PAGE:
I'm looking for a circuit that would utilitize a 555 or similar that will have 3 120VAC outputs that it alternates between. This would be used to drive 3 powerheads (water pumps) on a fish tank to create some wave motion in the water. I would think that the time it alternates could be varied based on a rheostat. Also, if possible, I want to have a pushbutton that would stop all 3 pumps for 30 minutes or so for feeding (push the button, power is killed for 30 minutes to the pumps, then they startup again automatically). So, probably would be 2 circuits. Anyone have a design for something like this or can help?
Although the guys for whom solder is a favorite programming language may have different ideas, I'd do this with a small microcontroller. One A/D port to read the rheostat, a digital port to sense the pushbutton, and three digital outputs to control the power to the pumps.
Could probably be done with an 8-pin ATtiny15 (same size as the 555) which has an internal oscillator, a couple of timers, and four A/D channels plus the rheostat, pushbutton, relay drivers, and relays.
555 -> 4017 -> 2N4401 -> relay coil. Set up the 4017 so the Q3 output resets it. Also, use one of the timer-counter chips, like a 4541, to inhibit the entire circuit using yet another relay for your 30 minute pause...
The datasheets for these chips and transistors are freely available, and usually have application schematics in them that are close to what you are interested in. If you need more help, post again.
Note that you'll need a DC supply for the logic, which won't run on AC.
Would something like this work: I'm looking at the samples shown on
I was thinking of using the '10 minute timer' to power a second circuit consisting of the '555 timer tester'. Instead of powering the red LED in the timer circuit, I would have that power the tester circuit. In the tester circuit, I would substitute solid state relays for the LEDs. Is this feasible?
Assuming so: The timer circuit isn't exactly what I want, but close. Can someone show me what to change to make it 'default' to power on (across the red LED), and how do I calculate what value of resistor to use in place of the 500k resistor to get approximately 30 minutes of no power across the red LED?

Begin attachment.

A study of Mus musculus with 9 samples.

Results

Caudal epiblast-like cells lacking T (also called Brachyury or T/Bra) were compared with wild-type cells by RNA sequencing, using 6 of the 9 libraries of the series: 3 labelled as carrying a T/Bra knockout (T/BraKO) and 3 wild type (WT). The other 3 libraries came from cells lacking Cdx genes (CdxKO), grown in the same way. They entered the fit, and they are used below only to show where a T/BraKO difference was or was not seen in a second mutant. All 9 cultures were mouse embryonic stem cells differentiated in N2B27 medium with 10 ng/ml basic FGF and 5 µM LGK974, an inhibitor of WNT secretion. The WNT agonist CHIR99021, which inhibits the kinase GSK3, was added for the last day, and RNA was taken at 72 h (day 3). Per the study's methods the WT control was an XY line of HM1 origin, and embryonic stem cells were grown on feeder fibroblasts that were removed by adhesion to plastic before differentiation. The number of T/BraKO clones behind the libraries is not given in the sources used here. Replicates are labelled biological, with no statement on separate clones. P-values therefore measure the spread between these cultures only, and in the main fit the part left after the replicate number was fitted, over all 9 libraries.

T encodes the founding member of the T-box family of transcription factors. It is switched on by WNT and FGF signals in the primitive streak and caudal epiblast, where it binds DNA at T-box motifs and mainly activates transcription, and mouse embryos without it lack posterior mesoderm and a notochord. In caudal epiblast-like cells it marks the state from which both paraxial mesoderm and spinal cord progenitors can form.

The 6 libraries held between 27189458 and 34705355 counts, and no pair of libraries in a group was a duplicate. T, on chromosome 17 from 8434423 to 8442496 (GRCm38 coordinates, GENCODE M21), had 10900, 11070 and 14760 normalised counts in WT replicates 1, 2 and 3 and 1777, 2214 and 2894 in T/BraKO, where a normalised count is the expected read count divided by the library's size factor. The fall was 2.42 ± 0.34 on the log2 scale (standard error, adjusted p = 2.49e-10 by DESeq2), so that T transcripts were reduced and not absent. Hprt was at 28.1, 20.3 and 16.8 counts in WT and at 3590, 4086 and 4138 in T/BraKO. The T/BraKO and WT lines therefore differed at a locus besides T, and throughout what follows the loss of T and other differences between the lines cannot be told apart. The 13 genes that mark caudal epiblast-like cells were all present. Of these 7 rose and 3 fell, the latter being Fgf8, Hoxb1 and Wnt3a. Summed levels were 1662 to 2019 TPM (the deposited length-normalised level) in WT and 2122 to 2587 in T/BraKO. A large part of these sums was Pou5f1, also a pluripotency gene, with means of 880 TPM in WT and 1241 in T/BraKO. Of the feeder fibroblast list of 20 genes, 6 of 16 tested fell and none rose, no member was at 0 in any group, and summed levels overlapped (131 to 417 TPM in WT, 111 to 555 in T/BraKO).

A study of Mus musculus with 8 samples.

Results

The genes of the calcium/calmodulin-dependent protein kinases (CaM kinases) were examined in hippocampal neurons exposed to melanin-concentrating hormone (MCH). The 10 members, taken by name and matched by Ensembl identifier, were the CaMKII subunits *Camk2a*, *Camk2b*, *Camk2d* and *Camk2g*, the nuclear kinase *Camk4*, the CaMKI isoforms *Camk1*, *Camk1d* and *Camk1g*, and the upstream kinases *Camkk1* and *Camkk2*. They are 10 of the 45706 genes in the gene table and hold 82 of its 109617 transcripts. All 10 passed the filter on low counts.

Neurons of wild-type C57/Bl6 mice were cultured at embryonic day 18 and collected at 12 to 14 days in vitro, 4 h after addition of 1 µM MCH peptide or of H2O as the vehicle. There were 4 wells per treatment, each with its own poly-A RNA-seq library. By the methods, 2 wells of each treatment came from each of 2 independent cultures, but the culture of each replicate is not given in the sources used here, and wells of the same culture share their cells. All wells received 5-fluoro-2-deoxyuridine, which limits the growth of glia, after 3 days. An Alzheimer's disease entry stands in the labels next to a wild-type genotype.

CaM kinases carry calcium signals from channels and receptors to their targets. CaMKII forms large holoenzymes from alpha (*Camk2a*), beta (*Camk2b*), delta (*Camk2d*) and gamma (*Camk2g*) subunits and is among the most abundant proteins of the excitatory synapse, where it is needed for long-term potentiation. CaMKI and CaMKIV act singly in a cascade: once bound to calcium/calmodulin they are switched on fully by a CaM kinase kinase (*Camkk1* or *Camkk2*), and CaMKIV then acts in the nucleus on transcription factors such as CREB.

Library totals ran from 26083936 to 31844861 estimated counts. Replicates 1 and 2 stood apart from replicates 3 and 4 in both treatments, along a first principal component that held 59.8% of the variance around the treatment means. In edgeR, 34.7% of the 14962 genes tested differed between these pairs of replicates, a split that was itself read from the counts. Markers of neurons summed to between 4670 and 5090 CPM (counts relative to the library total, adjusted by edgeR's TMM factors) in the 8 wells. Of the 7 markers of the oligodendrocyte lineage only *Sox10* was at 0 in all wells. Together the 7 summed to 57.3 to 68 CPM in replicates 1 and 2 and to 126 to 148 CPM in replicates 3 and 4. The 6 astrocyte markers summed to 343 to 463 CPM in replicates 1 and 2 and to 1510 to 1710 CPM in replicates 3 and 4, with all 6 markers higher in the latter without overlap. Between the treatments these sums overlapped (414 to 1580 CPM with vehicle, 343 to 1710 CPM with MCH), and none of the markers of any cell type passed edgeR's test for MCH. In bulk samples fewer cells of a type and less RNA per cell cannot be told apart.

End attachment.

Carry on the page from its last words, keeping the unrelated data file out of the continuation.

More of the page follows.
In the tester circuit, if I substitue a pot for R2, would this allow me to adjust how long the relays would be powered? I would want equal times (or as close as possible) of about 30 seconds on and 30 seconds off. Ideally, I would want 3 outputs instead of 2, but this is a start.
Hope this makes sense, and thanks for any help anyone can offer.
An alternate approach that might turn out to be easier if you persist in your perverse dislike of microcontrollers (insert smilies here as required to assist any humor-impaired readers) is to drop back to an older method of implementing long period timers: motors, gears (or belts), and a cam shaft. Think of a music box or washing machine timer.
There would still be a 555 but this time (no pun intended) as a PWM generator that controls the speed of a small DC motor. The motor, through suitable gearing, turns a cylinder through one complete rotation every "wave cycle." High spots on the cylinder press against microswitches that in turn actuate the relays that handle the high current needed for the main water pumps. Fine tune the rotation period with a standard 555 PWM circuit.
The half-hour feeder timer could be a similar gizmo. Turn it to the starting position that shuts a microswitch controlling a double throw relay. The NO position of that relay would run another motor (and 555 tuner if required) until it reaches the low spot which opens the microswitch, opens the relay, and stops the motor. The NC position would be in the power path for the water pumps. While it's open, the pumps are off. When the half-hour relay drops out, those contacts shut again and the pumps start up.
With the cam setup, it would also be pretty easy to cut more complex wave profiles with, e.g., more dwell time for the pumps on either end of the tank than the one in the middle, simulating (roughly) simple harmonic motion that "sticks" more at the extremes and moves more quickly through the center.